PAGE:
Lately, the things I have read regarding the industry rarely relates to the conversations I have with CSOs, COOs and risk management executives. When I tell this to manufacturers, frequently, they squirm and declare that they know their customer better than anybody. Maybe so. But that would simply mean that the CSO, COO or risk management executives I’m talking to and not their customers.
Maybe these vendors are content selling to facilities managers and the security directors who’ve been buying access control and DVRs for years. That would make sense. Those folks are competent security professionals who understand the technical and procedural requirements of access and surveillance. So of course the vendors enjoy selling access and surveillance equipment and services to this crowd.
But then why do executives think things look askew?
Two reasons: Because neither the vendors nor the security directors have been successful describing the business value of specific security initiatives in terms of measured economic impact; and because neither the vendors nor the security directors think of physical security departments as business units. Therefore, they feel no need to use business language, set up common business processes, and report on metrics the way other business units do.
Small Expectations?It could simply be a matter of not selling high enough. The senior executives tell me that they see physical security as essentially screwed up. “How did physical security get so messed up” was the exact quote of one of these execs last week, after he investigated the processes of risk management in his very large corporation.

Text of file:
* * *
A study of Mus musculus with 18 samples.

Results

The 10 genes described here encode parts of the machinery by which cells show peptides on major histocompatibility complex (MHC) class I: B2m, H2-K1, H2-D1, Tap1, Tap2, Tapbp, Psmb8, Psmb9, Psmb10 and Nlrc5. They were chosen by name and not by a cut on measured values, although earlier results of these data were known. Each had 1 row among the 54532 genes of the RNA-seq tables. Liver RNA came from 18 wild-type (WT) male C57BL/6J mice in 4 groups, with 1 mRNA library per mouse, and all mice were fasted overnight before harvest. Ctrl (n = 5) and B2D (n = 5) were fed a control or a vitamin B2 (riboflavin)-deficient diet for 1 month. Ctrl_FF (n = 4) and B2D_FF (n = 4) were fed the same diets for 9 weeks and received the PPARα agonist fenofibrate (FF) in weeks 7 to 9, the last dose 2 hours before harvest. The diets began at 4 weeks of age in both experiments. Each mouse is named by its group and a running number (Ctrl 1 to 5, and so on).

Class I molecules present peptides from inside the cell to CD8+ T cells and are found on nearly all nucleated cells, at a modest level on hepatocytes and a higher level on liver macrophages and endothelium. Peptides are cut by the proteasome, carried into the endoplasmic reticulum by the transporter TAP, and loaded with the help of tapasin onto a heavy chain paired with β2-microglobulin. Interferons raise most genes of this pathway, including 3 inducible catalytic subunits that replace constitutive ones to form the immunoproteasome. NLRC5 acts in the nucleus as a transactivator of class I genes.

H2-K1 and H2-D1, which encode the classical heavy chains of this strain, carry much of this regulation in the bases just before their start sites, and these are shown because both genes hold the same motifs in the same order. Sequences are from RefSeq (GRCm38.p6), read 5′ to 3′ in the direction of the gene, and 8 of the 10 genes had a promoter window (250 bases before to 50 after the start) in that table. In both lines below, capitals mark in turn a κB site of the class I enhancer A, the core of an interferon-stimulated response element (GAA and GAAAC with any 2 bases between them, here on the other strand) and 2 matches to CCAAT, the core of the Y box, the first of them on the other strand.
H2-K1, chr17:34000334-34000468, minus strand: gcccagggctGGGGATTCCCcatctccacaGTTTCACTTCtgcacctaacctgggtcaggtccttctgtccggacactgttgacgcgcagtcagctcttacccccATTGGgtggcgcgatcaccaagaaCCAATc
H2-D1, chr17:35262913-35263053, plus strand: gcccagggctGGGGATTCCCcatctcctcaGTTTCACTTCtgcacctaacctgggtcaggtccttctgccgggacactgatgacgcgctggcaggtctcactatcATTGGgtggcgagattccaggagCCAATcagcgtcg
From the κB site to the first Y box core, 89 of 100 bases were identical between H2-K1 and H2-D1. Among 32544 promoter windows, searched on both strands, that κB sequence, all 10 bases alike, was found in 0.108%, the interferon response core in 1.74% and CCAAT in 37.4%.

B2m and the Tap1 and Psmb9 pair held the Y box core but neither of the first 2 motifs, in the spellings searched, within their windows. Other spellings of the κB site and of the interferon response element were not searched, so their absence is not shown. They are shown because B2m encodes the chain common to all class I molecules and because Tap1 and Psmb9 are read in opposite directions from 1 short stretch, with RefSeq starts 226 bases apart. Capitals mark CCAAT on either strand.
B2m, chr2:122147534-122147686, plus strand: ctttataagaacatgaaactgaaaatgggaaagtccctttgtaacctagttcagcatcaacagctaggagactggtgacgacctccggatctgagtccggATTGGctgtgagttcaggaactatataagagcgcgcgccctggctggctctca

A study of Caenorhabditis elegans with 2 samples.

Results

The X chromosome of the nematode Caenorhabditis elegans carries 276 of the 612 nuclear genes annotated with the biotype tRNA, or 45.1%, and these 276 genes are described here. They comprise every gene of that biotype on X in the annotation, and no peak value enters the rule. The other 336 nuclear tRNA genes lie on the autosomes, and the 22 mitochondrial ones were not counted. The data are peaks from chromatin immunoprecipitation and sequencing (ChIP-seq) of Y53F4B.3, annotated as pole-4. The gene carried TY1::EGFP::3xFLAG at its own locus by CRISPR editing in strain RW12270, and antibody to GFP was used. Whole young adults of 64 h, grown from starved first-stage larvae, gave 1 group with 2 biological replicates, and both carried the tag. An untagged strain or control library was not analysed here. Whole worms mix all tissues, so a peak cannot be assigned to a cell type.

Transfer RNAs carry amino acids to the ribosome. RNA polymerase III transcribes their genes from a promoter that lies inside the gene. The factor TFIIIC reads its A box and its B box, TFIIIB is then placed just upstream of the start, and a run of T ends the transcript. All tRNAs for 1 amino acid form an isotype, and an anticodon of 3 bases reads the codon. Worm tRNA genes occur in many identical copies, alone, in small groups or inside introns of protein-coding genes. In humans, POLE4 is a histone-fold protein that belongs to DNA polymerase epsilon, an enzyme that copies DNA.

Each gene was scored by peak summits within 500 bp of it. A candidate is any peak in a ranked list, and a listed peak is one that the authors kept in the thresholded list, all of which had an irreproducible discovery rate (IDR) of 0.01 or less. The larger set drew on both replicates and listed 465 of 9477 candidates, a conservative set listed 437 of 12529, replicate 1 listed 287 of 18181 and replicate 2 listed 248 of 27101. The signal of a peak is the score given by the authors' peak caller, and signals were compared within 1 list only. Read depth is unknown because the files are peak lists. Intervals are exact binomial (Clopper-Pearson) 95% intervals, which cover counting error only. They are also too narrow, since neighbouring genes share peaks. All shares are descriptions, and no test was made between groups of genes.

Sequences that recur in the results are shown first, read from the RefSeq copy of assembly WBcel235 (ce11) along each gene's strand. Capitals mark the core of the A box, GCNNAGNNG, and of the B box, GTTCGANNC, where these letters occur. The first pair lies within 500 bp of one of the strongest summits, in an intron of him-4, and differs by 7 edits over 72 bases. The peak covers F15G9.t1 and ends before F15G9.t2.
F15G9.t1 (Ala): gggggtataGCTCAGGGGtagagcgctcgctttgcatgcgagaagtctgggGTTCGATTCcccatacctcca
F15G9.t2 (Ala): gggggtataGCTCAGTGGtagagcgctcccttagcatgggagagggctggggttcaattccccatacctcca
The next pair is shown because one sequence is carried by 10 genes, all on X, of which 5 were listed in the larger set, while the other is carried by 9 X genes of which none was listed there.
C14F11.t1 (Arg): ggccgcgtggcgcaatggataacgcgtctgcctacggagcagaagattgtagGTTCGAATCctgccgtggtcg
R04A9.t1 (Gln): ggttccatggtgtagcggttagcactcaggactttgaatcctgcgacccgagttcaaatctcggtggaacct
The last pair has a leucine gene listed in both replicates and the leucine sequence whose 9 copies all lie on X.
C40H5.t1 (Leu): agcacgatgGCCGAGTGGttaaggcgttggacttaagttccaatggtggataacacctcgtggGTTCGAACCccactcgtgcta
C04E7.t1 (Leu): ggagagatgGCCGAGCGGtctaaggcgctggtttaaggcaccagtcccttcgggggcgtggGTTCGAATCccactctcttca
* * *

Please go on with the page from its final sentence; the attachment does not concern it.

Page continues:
He expected to find a business unit with standard processes for setting goals and quantifying performance metrics. Instead, he saw a 1970s police department with what he described as an archaic operation of “security for the sake of security.”
“How do the words ‘command and control’ fit into my business?” he exclaimed with frustration.
In short, physical security is not run like a business, from the business executive’s point of view. It is run like a police department, or a military base. There is nothing wrong with that, intrinsically, of course. Law enforcement and military operations are very effective for managing risk – if your organization is a city or university or war zone. If we are talking about a business, however, security should be run differently. It should be run like a business.
Do They Get It?Vendors don't get that, it seems. So they don't sell that message, which often also means they don't create products that enable security directors to run a business.
Here are my three humble suggestions for security executives to do right now when attempting to solve the real problems faced by their companies:
1. Request solutions in terms of business service management. Ask for sound, believable measurements of ROI (return on investment), TCO (total cost of ownership) and overall economic impact for each solution. Have your vendor map out every major function of its product to specific business requirements. Basically, you want to empower yourself with the message of business value up the ladder.
2. Have your superior sign off on the system. If you can't convince your COO that this is the best product or system to purchase, then maybe you shouldn't be buying it at all. My point is that a product or service purchased in the organization should be valued and appreciated by the COO. If it's not, then one of two things is wrong: your overall goal or the product specifications. Investigate new business development methods to propel an idea to senior executives. You'll save money for your company in the end, and you'll help solve bigger problems at the same time.
3. Figure out the relative weights of your requirements; that's when you'll be able to see how closely the product you're looking to buy might actually solve the problem at hand. Some features are more important than others. Work with your integrator and manufacturer to figure out what those important features are for your organization.
In this economy, no one can afford to pass on opportunities that provide the highest value.